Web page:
I’m just curious.
The Composite Explorer is listed at 16’4" while the Royalex boat is 16’ even. So where is the extra 4" and how does it affect the performance of the boat?
Anybody paddled both and care to compare?
I’ve beat my royalex Explorer almost to death but never tried a composite one.
I’m just curious.
MR Explorer experience
I like(d) the composite version (friends of mine have one), I really disliked the Royalex version.
Then I would much prefer the Dagger/MR Legend 16 (owned one myself) or even the MR Freedom.
Personnaly I find the composite Explorer outdated now, with canoes like the Bell NorthStar and Swift Kipawa/Dumoine. But that is just my Bias…
the Royalex boats
shrink coming out of the mold, I've been told. Old Town (I think) had something similar happen with their polylink/superlink/royalex boats, hence the disco 17'4"/16'9".
Owned a royalex
One and did not really care for it. Paddled a composite one on more then one occasion and it is a totaly different boat IMHO. Both faster ( better glide) and more responsive. Of course I prefer composite over royalex even in my WW boats so I may not be qualified to compare the two.
Just to Reinforce
I owned a Royalex Explorer and liked it for RIVER paddling. I thought it was a bit of a “Dog” on flatwater. I’ve rented a Kevlar Explorer on 2 different BWCAW trips and found it to be faster and more efficient than the royalex version. Also, Mad River’s kevlar was as “Beefy” as it’s royalex; it was VERY tough. All in all, a good tripping boat IMHO. WW
Shorter Royalex version
In Mad River’s case, the reason the Royalex version is shorter is because the material can’t be molded into tight stems…its to thick and soft, thus, it looses some inches. Therefore, the composite version maintains the original specs of the original design because of the materials ability to get into tight ends. That was the short answer).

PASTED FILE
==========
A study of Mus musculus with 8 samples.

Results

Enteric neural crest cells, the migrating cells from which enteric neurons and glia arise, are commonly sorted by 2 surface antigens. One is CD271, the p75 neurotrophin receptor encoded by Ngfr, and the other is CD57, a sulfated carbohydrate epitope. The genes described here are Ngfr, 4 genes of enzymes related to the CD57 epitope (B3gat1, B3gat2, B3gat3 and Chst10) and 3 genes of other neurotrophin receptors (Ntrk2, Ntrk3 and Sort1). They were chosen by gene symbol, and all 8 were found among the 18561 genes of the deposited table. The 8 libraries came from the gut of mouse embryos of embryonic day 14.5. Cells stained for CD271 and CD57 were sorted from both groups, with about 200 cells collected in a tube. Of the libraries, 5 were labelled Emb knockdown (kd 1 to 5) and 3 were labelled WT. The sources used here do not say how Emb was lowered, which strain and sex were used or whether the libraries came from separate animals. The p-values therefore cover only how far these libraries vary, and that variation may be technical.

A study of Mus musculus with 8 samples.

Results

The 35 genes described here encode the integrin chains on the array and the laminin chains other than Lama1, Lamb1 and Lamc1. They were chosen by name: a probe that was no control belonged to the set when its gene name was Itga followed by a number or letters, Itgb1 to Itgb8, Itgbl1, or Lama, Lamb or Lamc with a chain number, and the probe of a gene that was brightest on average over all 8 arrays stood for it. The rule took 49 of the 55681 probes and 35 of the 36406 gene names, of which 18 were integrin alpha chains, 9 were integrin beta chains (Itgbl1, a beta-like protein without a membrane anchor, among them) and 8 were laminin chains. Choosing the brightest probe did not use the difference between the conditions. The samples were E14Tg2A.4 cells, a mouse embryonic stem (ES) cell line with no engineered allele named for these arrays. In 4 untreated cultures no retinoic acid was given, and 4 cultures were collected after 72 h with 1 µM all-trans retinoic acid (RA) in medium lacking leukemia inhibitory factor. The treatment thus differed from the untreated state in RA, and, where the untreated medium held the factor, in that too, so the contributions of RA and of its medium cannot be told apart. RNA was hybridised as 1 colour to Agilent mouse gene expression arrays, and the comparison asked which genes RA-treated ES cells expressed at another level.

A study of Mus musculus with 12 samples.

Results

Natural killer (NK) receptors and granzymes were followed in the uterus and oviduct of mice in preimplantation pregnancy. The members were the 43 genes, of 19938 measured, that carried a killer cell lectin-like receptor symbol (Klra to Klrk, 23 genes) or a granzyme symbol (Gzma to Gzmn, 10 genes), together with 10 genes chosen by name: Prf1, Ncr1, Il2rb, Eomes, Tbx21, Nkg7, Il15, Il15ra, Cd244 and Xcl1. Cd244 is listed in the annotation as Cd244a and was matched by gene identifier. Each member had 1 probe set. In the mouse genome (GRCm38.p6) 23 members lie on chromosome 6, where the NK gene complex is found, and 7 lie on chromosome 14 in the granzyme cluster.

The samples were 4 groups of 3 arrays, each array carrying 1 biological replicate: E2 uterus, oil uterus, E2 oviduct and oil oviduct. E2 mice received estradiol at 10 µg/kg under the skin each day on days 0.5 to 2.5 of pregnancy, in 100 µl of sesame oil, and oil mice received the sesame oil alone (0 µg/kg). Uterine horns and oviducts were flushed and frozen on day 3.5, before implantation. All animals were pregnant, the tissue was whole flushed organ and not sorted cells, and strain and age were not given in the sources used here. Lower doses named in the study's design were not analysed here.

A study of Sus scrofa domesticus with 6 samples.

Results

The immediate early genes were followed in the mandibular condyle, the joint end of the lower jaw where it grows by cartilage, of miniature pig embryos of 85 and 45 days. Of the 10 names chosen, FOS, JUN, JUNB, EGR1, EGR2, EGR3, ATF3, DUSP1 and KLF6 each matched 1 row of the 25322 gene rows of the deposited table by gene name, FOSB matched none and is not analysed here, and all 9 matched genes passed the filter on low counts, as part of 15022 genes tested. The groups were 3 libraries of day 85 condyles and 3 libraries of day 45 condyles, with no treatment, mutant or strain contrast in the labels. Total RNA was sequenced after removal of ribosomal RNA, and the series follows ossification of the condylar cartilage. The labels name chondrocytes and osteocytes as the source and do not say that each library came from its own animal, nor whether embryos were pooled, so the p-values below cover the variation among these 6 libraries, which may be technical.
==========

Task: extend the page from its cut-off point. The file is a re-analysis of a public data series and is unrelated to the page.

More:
I’ve never experienced having Royalex shink.
here’s something on the shrinkage
after a quick search
I would think that since we all know it shrinks from summer to winter temps (loosening wood gunwales etc...) that it would shrink from a heated state to room temp....assuming it's heated to form to a mold.
I believe the issue with Old Towns was the difference in coefficients of shrinkage between royalex vs. polylink or superlink.
Please correct me if I'm mis-led.
The shrinkage due to temperature change is small, nothing like the 4" mentioned. This issue is as was stated previously, the inability to mold the Royalex true to the original design. This issue is common almost all Royalex and similar material boats. If the original design had sharp stems, the “rubber” version of the boat will be relatively blunt. The performance will be diminished as a result.
Found an interesting article here, more geared toward sailboats, but including Old Town, Royalex, Super and Poly links.
Royalex vs rotomolding
Molding Royalex and similar producs is vastly different from rotomolding.
Rotomolding involves melted plastic being spread on the inside of a female mold as described in the previously posted article. Royalex and similar processes involve vacuum forming a premade rubber/plastic sheet over a male mold. Modern rotomolding allows greater detail than Vacuum forming. Unfortunately it is not practical to get the necessary stiffness in an open boat without additional reinforcement such at the aluminum frame used in Coleman’s and similar canoes.
Royalex and similar sandwich sheets can be made relatively stiff. Unfortunately vacuum forming the “stiff” sheets is limited to certain minimum radii. It is generally not possible to mold sharp stems and hard edges.